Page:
As the former mayor of Westerville, I have invested much of my energy into reviving the local economy and bringing jobs to our region. Now, as a newly elected representative in the People’s House, I have the great honor of working on behalf of our community to create jobs in the state as a whole.

As I’m sure you know, Ohio’s economy has fallen into a sort of doldrums, with other states racing ahead of us in the competition for economic growth and job creation. Everyone has their own ideas about why this is happening and in such a devastating way to Ohio, from high taxes to Midwestern weather. But the truth is, the most likely culprit is our state’s lackluster business climate due to high taxes and burdensome regulation—as well as the incentives that many other states are using to entice our exhausted businesses.

The concept of using incentives packages to draw businesses out of Ohio is nothing new. Dayton’s NCR was given more than $100 million in incentives to relocate to Georgia. In northwest Ohio, three plants that relocated to Indiana were offered $4 million in incentives leave the Buckeye State.

With more and more states using incentives packages to lure businesses from Ohio, it is important to consider incentives that we can offer to motivate businesses to remain in our state. Rather than looking at ways to nickel-and-dime businesses to feed state spending, what are we doing to encourage businesses to remain here—or better yet, expand and create more jobs for our communities? This is an economic development tactic that I believe is being underutilized in Ohio and should receive a closer look over the next several years.

There are currently two economic development bills making their way through the House Ways and Means Committee that, when enacted, will provide new tax incentive options to encourage businesses to expand or create jobs. One of these bills, House Bill 17, authorizes a $2,400 income tax withholding credit for an employer who hires and employs a previously unemployed individual. Introduced by Rep. Nan Baker, House Bill 17 is just one of the ways lawmakers can motivate employers to create jobs for our communities.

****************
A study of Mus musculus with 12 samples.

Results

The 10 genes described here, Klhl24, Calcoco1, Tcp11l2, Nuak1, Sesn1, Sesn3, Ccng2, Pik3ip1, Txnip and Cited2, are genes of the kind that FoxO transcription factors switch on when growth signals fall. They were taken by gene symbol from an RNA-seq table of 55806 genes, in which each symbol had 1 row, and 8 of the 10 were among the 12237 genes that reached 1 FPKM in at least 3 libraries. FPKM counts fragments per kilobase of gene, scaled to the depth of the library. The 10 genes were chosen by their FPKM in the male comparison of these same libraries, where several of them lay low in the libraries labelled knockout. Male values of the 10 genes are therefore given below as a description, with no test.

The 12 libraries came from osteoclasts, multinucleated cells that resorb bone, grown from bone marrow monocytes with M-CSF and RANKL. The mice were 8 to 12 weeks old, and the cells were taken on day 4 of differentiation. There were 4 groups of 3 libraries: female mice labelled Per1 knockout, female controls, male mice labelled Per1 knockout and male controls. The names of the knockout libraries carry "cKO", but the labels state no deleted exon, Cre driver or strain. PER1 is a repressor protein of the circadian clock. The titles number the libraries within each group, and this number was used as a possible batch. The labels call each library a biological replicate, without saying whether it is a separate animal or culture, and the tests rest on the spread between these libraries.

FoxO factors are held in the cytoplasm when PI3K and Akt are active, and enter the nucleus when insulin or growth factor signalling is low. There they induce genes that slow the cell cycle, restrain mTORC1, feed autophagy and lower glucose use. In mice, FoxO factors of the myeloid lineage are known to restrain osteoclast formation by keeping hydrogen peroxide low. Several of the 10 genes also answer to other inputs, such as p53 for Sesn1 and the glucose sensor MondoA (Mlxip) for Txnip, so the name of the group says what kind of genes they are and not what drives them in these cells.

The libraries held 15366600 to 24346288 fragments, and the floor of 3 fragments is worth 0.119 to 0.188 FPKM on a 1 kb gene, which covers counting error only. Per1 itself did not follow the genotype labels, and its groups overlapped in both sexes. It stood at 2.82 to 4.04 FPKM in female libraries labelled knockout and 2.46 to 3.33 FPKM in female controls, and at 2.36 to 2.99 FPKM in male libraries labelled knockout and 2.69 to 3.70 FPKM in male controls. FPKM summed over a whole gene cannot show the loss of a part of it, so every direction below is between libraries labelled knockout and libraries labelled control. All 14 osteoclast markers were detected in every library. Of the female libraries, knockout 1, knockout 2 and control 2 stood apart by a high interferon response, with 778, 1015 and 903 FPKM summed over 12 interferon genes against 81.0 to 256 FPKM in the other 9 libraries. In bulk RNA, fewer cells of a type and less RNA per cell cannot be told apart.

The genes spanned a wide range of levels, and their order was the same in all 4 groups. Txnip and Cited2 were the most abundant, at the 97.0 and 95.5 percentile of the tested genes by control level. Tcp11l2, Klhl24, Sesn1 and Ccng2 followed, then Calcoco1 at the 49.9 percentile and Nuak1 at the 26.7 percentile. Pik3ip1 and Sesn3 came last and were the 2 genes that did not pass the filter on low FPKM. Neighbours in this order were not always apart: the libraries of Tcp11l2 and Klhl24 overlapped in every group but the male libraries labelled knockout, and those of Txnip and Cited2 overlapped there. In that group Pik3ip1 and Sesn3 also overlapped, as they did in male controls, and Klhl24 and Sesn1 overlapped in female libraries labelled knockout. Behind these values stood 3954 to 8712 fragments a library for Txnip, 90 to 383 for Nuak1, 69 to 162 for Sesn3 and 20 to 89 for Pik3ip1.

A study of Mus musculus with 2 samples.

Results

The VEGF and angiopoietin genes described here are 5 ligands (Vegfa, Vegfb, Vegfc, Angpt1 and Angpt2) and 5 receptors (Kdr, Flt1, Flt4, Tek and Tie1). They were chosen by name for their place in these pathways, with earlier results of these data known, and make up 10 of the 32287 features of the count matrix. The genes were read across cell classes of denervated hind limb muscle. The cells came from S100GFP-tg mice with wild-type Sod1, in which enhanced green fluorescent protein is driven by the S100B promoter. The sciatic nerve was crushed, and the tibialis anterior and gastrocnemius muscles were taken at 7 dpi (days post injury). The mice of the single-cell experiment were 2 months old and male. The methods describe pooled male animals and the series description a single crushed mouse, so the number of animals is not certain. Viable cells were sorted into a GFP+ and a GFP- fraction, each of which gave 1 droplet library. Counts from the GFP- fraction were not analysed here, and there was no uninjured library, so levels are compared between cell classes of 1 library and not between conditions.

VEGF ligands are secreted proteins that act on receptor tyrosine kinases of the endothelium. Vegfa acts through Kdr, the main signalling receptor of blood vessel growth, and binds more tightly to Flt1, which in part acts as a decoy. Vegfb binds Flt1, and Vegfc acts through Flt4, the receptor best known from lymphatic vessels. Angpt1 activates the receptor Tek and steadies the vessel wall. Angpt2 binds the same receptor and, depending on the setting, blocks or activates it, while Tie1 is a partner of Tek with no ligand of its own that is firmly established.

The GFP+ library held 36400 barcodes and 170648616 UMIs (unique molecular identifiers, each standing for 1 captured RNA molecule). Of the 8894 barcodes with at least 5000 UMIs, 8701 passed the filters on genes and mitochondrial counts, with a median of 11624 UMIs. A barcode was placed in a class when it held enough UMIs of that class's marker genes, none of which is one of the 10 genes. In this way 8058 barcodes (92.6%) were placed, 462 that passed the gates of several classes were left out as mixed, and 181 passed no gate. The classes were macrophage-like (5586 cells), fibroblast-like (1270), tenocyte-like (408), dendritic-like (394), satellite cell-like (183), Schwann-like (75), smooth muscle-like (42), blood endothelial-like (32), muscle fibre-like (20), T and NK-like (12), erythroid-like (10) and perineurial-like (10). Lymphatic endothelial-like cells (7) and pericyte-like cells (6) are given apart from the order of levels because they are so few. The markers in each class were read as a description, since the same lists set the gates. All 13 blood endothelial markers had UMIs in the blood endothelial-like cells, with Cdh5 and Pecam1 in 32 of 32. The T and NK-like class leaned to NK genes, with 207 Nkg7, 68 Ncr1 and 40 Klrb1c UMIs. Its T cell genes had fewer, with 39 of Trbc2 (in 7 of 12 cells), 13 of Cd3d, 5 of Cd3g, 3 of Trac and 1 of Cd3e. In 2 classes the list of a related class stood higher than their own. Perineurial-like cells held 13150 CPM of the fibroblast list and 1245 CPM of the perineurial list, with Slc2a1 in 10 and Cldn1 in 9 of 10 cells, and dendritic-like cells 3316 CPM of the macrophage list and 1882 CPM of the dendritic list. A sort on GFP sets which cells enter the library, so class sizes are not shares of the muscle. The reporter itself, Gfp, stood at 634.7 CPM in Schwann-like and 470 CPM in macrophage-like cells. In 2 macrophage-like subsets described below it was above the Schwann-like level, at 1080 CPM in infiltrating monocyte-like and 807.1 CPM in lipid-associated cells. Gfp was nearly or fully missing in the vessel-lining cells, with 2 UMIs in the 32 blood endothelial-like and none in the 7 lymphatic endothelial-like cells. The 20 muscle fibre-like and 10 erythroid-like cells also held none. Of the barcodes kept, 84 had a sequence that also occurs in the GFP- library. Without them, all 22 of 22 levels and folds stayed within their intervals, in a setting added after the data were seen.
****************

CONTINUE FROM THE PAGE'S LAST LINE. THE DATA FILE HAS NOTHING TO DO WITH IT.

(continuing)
Also introduced by Rep. Baker, House Bill 18 will authorize a nonrefundable tax credit for businesses that increase payroll and expand into a vacant facility. The intent behind this legislation is to revitalize communities that have been hit hard by job loss and industry deterioration by replacing those lost businesses. Together, House Bills 17 and 18 will address Ohio’s economic struggle on two fronts by easing some of the financial pressures that many local businesses have experienced, while at the same time creating opportunities for Ohioans to get back to work.

As these and other economy-focused bills move through the legislative process, I will do my best to keep you informed about what is going on in the Statehouse. It is my honor and privilege to serve as your voice in the People’s House, and as we seek sustainable solutions to Ohio’s economic woes, remember that we are in this together.